Ferdinand Marcos Jr.

Marcos downplays Liza-Sara rift, shrugs off calls to sack DepEd chief

Dwight de Leon


President Ferdinand Marcos Jr is sworn in as the 17th President of the Philippines, at the National Museum of Fine Arts on June 30, 2022. Alecs Ongcal/Rappler


'Any of the Cabinet secretaries will be replaced kapag hindi nila ginagawa ang trabaho nila.... Hindi naman ganoon si Inday,' President Marcos says of Vice President Sara Duterte

MANILA, Philippines – President Ferdinand Marcos Jr. on Tuesday, April 23, appeared to douse the fire caused by First Lady Liza Araneta Marcos’ revelation that she is not on good terms with Vice President Sara Duterte.

In an ambush interview in Occidental Mindoro on Tuesday, Marcos also brushed aside suggestions to remove Duterte, the Department of Education (DepEd) secretary, from his Cabinet.

“Any of the Cabinet secretaries will be replaced kapag hindi nila ginagawa ang trabaho nila. All the other things are not part of the discussion. Kapag hindi na kaya, nagkasakit, sabihin mo lang, papalitan ka namin. Kapag hindi talaga marunong o korap, tatanggalin ka talaga namin. Hindi naman ganoon si Inday,” he said.

(Any of the Cabinet secretaries will be replaced if they don’t do their job. All the other things are not part of the discussion. If they are sick or can’t take it any longer, just say so and we will replace you. If you are incapable or corrupt, we will sack you. Inday Sara isn’t any of those.)

The rare tell-all interview with broadcaster Anthony Taberna on Friday, April 19 saw the President’s wife lambast Sara for supposedly laughing when his father – former president Rodrigo Duterte – accused Marcos of being “bangag” or under the influence during a rally against charter change in Davao City in January.

It is unclear if Sara indeed laughed at the joke, as video feeds of the event didn’t cut to her reaction during the controversial moment, but she came out with a video statement on Monday, April 23, saying that the First Lady’s “personal feelings have nothing to do with my mandate as a government official.”

Marcos downplays Liza-Sara rift, shrugs off calls to sack DepEd chief

Marcos claimed there is no need to patch things up, believing that the country’s second-in-command understands where his wife is coming from.

“I think that she also understands how the First Lady feels, when you have to sit there and listen to these attacks that are being made against your husband,” Marcos said.

But mag-uusap kami ni VP Sara tungkol diyan. Huwag niya masyadong dibdibin, hindi naman siya ang mga nagsabi tungkol sa kung anu-ano. Madali naman sigurong plantsahin lahat ng naging isyu,” he added.

(VP Sara and I will talk about that. She shouldn’t let it get to her, since she was not the one who said bad stuff about me. All these issues can easily be ironed out.)

Marcos also said he is a lucky husband for having a protective wife who always comes to his defense, but offered an explanation on why Liza reacted that way.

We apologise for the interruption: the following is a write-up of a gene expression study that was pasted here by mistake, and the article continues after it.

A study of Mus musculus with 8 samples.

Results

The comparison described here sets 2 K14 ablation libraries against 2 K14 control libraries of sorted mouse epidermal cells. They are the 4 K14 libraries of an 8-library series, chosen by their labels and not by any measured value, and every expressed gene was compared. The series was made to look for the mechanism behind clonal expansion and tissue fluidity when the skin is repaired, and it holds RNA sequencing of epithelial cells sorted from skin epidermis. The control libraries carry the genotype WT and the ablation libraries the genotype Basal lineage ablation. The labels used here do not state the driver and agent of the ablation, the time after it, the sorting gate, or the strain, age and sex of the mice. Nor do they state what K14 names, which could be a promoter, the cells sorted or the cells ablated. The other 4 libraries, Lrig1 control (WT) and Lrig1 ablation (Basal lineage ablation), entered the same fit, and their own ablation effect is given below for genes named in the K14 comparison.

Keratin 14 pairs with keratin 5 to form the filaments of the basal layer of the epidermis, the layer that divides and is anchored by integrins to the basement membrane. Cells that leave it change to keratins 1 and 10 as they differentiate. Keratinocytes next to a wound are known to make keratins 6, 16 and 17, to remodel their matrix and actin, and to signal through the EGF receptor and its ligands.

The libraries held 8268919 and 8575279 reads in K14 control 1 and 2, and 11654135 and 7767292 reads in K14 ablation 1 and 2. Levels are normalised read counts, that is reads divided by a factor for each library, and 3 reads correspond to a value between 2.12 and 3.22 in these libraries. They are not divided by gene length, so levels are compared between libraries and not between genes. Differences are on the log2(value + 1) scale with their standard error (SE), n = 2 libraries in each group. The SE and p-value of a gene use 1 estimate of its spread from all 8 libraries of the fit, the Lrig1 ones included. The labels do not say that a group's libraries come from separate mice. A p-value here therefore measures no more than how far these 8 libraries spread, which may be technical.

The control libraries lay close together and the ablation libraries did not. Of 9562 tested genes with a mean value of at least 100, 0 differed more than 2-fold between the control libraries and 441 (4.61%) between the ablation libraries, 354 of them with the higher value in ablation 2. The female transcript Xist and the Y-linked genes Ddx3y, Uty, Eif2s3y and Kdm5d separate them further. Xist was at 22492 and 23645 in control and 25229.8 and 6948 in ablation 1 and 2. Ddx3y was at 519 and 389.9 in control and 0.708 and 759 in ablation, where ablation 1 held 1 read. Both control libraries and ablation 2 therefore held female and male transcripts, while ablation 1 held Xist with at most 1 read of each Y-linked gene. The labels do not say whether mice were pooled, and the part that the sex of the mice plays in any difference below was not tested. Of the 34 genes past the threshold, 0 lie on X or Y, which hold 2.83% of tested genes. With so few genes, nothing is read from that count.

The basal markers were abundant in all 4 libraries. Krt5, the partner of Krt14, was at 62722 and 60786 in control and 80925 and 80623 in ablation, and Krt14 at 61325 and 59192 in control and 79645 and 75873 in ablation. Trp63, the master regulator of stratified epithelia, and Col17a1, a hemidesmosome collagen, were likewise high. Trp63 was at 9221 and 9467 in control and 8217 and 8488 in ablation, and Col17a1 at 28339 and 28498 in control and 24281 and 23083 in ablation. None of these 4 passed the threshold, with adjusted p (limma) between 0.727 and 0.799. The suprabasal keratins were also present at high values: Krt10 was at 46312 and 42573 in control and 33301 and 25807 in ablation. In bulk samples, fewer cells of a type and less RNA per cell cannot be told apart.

Ang First Lady, hindi sanay sa pulitika ‘yan e. Kami, manhid na kami diyan, sa insulto. Siya, hindi siya galing sa political family, kaya siguro she still has to learn, magpalagpas nang kaunti ng ibang masasakit at maaanghang na salita,” he added.

(The First Lady is not used to politics. We have been numb to insults, while she still has to learn to ignore the hurtful accusations because she did not come from a political family.)

The Marcoses and the Dutertes – two major political families in the Philippines – teamed up in the 2022 elections, a partnership that resulted in a landslide election victory both for the dictator’s son and the outgoing president’s daughter.

It was, according to analysts, a “marriage of convenience” that has been difficult to maintain.

The Vice President has a feud with the President’s cousin, Speaker Martin Romualdez. The House of Representatives under Romualdez denied Vice President’s confidential funds in the 2024 budget.

The President also once said his government was studying the possibility of rejoining the International Criminal Court, which is investigating Mr. Duterte’s bloody drug war. He had also said, however, that his government will not recognize ICC jurisdication over the Phiippine.

In January, the former president accused Marcos of illegal drug use, a claim that the incumbent chief executive laughed off and attributed to Mr. Duterte’s continued fentanyl use. – Rappler.com

1 comment


    This is a good tactic by President Marcos Jr. He is developing an image of “psychological invincibility” against the tirades of the Duterte political dynasty. This will make the latter complacent until President Marcos Jr. executes his real plan against them. Philippine Presidential theatrics (with PBBM as lead actor) have leveled up.


Dwight de Leon is a multimedia reporter who covers President Ferdinand Marcos Jr., the Malacañang, and the Commission on Elections for Rappler.